Higgs mechanism. In particle physics, the Higgs mechanism is essential to explain the generation mechanism of the property "mass" for gauge bosons.
In the Standard Model, the three weak bosons gain mass through the Higgs mechanism by interacting with the Higgs field that permeates all space. Normally bosons are massless, but the W+, W-, and Z bosons have values around 80 GeV/c2. In gauge theory, the Higgs field induces a spontaneous symmetry breaking, where instead of the usual transverse Nambu–Goldstone boson, the longitudinal Higgs boson appears. The simplest implementation of the mechanism adds an extra Higgs field to the gauge theory. The specific spontaneous symmetry breaking of the underlying local symmetry, which is similar to that one appearing in the theory of superconductivity, triggers conversion of the longitudinal field component to the Higgs boson, which interacts with itself and (at least a part of) the other fields in the theory, so as to produce mass terms for the three gauge bosons.
List of particles. This is a list of the different types of particles found or believed to exist in the whole of the universe.
For individual lists of the different particles, see the individual pages given below. Elementary particles Fermions Fermions are one of the two fundamental classes of particles, the other being bosons. Fermion particles are described by Fermi–Dirac statistics and have quantum numbers described by the Pauli exclusion principle. Fermions have half-integer spin; for all known elementary fermions this is 1⁄2. Quarks Leptons Bosons Bosons are one of the two fundamental classes of particles, the other being fermions. The fundamental forces of nature are mediated by gauge bosons, and mass is believed to be created by the Higgs Field.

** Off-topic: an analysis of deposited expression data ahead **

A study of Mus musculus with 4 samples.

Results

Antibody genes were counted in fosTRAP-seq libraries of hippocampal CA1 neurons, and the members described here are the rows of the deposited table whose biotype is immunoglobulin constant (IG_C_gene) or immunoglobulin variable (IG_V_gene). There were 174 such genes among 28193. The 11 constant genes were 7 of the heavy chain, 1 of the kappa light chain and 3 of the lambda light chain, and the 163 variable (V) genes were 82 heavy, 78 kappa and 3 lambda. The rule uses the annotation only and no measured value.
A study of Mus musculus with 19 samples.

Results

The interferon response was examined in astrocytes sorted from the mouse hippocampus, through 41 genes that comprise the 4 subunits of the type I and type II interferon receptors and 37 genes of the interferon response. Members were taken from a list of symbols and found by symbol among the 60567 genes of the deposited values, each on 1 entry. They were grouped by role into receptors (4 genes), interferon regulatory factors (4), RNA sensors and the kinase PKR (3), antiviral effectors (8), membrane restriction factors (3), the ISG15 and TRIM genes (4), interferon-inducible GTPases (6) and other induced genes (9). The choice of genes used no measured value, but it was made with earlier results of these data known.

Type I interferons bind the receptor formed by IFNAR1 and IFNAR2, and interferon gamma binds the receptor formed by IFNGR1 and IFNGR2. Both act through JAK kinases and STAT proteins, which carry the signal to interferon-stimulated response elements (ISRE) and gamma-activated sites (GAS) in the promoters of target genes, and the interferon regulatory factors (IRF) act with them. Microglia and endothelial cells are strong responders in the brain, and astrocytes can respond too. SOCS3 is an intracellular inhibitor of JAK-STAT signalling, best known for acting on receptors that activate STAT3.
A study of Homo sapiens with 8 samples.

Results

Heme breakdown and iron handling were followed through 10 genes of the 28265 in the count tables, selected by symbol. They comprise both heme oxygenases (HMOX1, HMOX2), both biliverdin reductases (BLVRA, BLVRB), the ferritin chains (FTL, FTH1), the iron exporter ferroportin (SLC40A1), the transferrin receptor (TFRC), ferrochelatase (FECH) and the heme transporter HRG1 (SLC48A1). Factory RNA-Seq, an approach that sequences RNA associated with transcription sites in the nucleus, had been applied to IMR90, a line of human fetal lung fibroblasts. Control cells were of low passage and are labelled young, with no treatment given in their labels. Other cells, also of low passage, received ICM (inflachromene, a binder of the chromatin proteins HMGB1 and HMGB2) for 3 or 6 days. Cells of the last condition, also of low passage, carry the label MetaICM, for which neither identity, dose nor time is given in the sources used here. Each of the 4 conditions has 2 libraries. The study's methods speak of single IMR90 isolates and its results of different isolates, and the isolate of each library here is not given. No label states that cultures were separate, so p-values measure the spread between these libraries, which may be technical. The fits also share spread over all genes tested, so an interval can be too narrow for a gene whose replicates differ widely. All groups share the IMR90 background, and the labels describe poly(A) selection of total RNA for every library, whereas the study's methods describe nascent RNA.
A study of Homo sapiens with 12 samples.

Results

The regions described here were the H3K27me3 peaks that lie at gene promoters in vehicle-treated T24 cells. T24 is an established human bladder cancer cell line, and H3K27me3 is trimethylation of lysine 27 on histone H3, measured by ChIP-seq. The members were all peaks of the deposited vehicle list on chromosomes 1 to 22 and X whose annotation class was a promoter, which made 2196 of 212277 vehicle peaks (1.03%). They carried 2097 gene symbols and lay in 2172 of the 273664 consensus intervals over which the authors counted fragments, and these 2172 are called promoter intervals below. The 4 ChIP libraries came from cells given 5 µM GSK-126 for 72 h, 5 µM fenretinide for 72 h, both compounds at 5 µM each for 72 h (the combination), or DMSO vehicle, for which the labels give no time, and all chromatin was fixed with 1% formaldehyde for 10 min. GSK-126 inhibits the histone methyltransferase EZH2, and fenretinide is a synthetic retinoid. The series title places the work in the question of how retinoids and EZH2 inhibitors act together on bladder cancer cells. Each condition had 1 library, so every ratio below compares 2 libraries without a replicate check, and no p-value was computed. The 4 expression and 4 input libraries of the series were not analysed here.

The graviton is added to the list although it is not predicted by the Standard Model, but by other theories in the framework of quantum field theory. Hypothetical particles Composite particles Mesons
Matter vs. Antimatter. Standard Model. Quantum Theory. New kind of light created in physics breakthrough. Physicists have created a new kind of light by chilling photons into a blob state.
Just like solids, liquids and gases, this recently discovered condition represents a state of matter. Called a Bose-Einstein condensate, it was created in 1995 with super-cold atoms of a gas, but scientists had thought it could not be done with photons, which are basic units of light. However, physicists Jan Klärs, Julian Schmitt, Frank Vewinger and Martin Weitz of the University of Bonn in Germany reported accomplishing it. They have dubbed the new particles "super photons. " Particles in a traditional Bose-Einstein condensate are cooled down close to absolute zero, until they glom onto each other and become indistinguishable, acting as one giant particle. The scientists needed to find a way to cool the photons without decreasing their numbers. "Many scientists believed that it would not be possible, but I was pretty sure that it would work," Weitz told LiveScience.
Related on LiveScience: Six new isotopes of the superheavy elements discovered. (PhysOrg.com) -- A team of scientists at the U.S.
Department of Energy's Lawrence Berkeley National Laboratory has detected six isotopes, never seen before, of the superheavy elements 104 through 114. Starting with the creation of a new isotope of the yet-to-be-named element 114, the researchers observed successive emissions of alpha particles that yielded new isotopes of copernicium (element 112), darmstadtium (element 110), hassium (element 108), seaborgium (element 106), and rutherfordium (element 104). Rutherfordium ended the chain when it decayed by spontaneous fission. Information gained from the new isotopes will contribute to a better understanding of the theory of nuclear shell structure, which underlies predictions of an "Island of Stability," a group of long-lasting isotopes thought to exist amidst a sea of much shorter-lived, intrinsically unstable isotopes of the superheavy elements.
The nuclear shell game A new strategy.